Pregnancy & COVID-19: How the Number of People Per Household is Related to Infection Rates
A study of nearly 400 pregnant women is among the first to show that household crowding and neighborhood socioeconomic status are risk factors of contracting COVID-19.
A study of nearly 400 pregnant women in New York City is among the first to show that those who live in neighborhoods with more household crowding are at higher risk of becoming infected with the coronavirus that causes COVID-19. Pregnant women who live in neighborhoods with lower socioeconomic status are also at increased risk of infection.
“One may think that because New York City is so dense, there’s little that can slow the spread of the virus, but our study suggests the risk of infection is related to household, rather than urban density,” says co-author Dr. Cynthia Gyamfi-Bannerman, the Ellen Jacobson Levine and Eugene Jacobson Professor of Women’s Health in Columbia’s Department of Obstetrics and Gynecology and a maternal-fetal medicine specialist at NewYork-Presbyterian/Columbia University Irving Medical Center.
The researchers examined the relationships between SARS-CoV-2 infection and neighborhood and building characteristics in 396 women who gave birth at NewYork-Presbyterian/Columbia University Irving Medical Center or NewYork-Presbyterian Allen Hospital during the peak of the COVID-19 outbreak in New York City.
Since March 22, all women admitted to the hospitals for delivery have been tested for the virus, which gave the researchers the opportunity to detect all infections — including infections with no symptoms — in a defined population.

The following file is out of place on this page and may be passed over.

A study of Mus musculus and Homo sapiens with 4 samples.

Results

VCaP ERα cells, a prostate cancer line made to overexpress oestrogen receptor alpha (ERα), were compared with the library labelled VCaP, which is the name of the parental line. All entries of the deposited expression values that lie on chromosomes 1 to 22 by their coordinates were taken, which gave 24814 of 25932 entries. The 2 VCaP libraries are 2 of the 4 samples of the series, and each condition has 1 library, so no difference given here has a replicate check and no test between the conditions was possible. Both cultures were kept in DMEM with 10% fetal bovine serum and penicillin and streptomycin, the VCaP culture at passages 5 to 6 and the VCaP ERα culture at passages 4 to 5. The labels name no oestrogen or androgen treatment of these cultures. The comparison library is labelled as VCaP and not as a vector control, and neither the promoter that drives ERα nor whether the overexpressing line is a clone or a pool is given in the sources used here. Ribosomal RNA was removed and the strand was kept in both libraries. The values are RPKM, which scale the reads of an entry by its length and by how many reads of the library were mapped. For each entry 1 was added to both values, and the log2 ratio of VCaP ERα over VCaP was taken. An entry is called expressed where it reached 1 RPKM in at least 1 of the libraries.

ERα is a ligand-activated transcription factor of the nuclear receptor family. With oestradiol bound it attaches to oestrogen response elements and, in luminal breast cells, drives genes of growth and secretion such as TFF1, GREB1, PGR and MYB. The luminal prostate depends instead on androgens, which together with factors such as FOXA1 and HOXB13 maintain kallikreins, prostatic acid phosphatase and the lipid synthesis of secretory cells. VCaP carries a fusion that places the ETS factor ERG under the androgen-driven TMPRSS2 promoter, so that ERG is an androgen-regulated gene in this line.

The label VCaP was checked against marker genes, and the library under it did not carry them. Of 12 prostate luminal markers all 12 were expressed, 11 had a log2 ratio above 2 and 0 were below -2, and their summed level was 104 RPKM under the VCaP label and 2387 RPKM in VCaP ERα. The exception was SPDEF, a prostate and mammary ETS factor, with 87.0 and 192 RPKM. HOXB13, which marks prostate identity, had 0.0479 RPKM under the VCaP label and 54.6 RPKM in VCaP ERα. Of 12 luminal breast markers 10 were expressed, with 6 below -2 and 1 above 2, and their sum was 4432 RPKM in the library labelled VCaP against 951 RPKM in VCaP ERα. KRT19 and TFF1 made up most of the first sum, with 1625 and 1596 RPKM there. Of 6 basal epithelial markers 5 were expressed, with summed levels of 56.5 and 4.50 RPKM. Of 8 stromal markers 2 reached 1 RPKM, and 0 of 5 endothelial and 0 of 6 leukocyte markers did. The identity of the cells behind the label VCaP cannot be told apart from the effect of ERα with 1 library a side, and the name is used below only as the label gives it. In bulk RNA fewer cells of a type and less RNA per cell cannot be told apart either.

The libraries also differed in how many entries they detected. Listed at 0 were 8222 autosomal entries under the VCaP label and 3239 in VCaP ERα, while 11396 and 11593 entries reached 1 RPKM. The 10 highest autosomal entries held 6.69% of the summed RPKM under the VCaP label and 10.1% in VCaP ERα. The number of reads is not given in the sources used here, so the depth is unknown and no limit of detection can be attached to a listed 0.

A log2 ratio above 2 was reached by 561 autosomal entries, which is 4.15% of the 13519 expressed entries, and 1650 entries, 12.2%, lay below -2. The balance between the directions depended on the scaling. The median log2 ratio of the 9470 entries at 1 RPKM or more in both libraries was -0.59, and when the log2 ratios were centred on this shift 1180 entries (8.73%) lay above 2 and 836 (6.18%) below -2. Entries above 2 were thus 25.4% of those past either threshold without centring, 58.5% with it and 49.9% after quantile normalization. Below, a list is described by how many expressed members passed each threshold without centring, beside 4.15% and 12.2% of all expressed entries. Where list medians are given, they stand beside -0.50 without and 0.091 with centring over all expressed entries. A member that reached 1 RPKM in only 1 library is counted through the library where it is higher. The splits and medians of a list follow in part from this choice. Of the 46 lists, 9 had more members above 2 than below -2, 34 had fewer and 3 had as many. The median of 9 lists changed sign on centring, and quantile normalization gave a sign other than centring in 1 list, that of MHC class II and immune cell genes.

Household Density Strongest COVID-19 Predictor
The strongest predictor of COVID-19 infection among these women was residence in a neighborhood where households with many people are common. Pregnant women who lived in a neighborhood with high “household membership,” meaning a lot of people per household, were three times more likely to be infected with the virus, and greater household crowding (defined as a family with more than one person per room) in the neighborhood was also a factor.
There was, however, no association between infection and overall population density.
“New York City has the highest population density of any city in the United States, but our study found that the risks are related more to density in people’s domestic environments rather than density in the city or within neighborhoods,” says Gyamfi-Bannerman.
“For our pregnant patients, that may mean counseling women about the risk of infection if they are considering bringing in other family members to help during pregnancy or postpartum,” she says. This also signals the need to provide more guidance and information about safety measures for pregnant women who live in multi-generational homes.
Public Health Implications
The study, published online June 18 in JAMA, the Journal of the American Medical Association, also reveals important information for public health officials.
“Our study shows that neighborhood socioeconomic status and household crowding are strongly associated with risk of infection,” says the study’s leader, Dr. Alexander Melamed, an assistant professor of obstetrics and gynecology at Columbia University Vagelos College of Physicians and Surgeons and a gynecologic oncologist at NewYork-Presbyterian/Columbia University Irving Medical Center.
For example, the study shows that women were twice as likely to get COVID-19 if they lived in neighborhoods with high unemployment rates. These data may aid public policy makers when creating intervention plans to reduce the spread moving forward.
“The knowledge that SARS-CoV-2 infection rates are higher in lower income neighborhoods and among people who live in crowded households,” Dr. Melamed says, “could help public health officials target preventive measures, like distributing masks or culturally competent educational information to these populations when necessary.”
Read this article in Chinese or Spanish.